Archive for November, 2014


November 18, 2014

 

Writers rarely have the same process to their practice. Someone told me that Stephen King writes 10K words a day, which I don’t doubt, given the number and length of his novels. Some writers work after their kids have gone to bed, while others scribble three hours before dawn. No one way is the right way.

I write on a cyclical basis, based on my kids’ school schedule. December and August are NOT high word count months for me. I use that time to read (a writer must consider reading part of the job), edit, research and organize. Trying to develop a character’s thought process doesn’t happen with three kids asking me fifteen hundred questions a day. That said, I do find stolen moments to write during the holidays and summer months.

There are times in December that I’m alone; often snuggled under a blanket, enjoying the glitter white lights on the Christmas tree. It can be a highly few minutes to write. If it’s July, I discover stolen moments early in the morning or while waiting for a camp to finish.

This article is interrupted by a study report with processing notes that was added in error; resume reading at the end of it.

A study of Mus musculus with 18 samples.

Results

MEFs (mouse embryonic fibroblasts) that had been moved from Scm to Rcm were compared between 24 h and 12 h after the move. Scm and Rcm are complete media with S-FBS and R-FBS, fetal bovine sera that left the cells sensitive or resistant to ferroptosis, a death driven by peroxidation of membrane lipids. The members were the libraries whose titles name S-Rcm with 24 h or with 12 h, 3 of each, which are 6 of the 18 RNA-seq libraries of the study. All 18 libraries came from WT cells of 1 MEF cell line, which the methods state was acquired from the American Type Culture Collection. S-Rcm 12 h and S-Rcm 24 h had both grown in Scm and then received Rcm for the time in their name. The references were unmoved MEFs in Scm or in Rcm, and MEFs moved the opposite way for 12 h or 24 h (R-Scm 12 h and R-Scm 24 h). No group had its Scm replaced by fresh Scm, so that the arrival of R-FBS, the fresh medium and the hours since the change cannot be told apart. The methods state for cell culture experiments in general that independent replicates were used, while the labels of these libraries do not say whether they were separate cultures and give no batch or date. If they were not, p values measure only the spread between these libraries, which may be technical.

Finding this free time is like unearthing money hidden in a pocket. What discovery!

At times like these, I whip out my pen or reach for my laptop, the creative juices peak. Ideas are unleashed. Ink flows. I’m not sure why it happens in such stolen moments, but it does.

If you’re like me, and unable to write at certain times of the day, week or year, don’t stress completely. You might find yourself with stolen moments. They can be the best kind. Just keep writing.

 


November 2, 2014

Some writers, like myself, write like they think: rattling off words in one long stream of consciousness. It’s not a bad way to go.  When an author writes organically, the creative stream can take the book to unexpected places. However, there’s something to be said for an outline, and although I’ve never been a fan, I’m going to give it a go.

It’s not like I’ve never outlined. Once I get started and am deep into a piece of writing, I do outline chapters, linking characters, ideas, and subplots. I often color code threads that weave throughout the story with colored markers. For a visual person, this technique can really help. However, writers can get stuck in ruts; myself included. It’s time to try something new. So, here’s an outline for my outline.

Protagonist and relevant characters

Setting/Time period

Problem/quest/ wish/purpose

Inciting incident

Obstacles/challenges

Climax

Wrap-up

I’ll need to remember details, voice, and brush through the manuscript for mistakes, but hopefully the outline will limit the editing process from 999 revisions to maybe, 699. One can hope.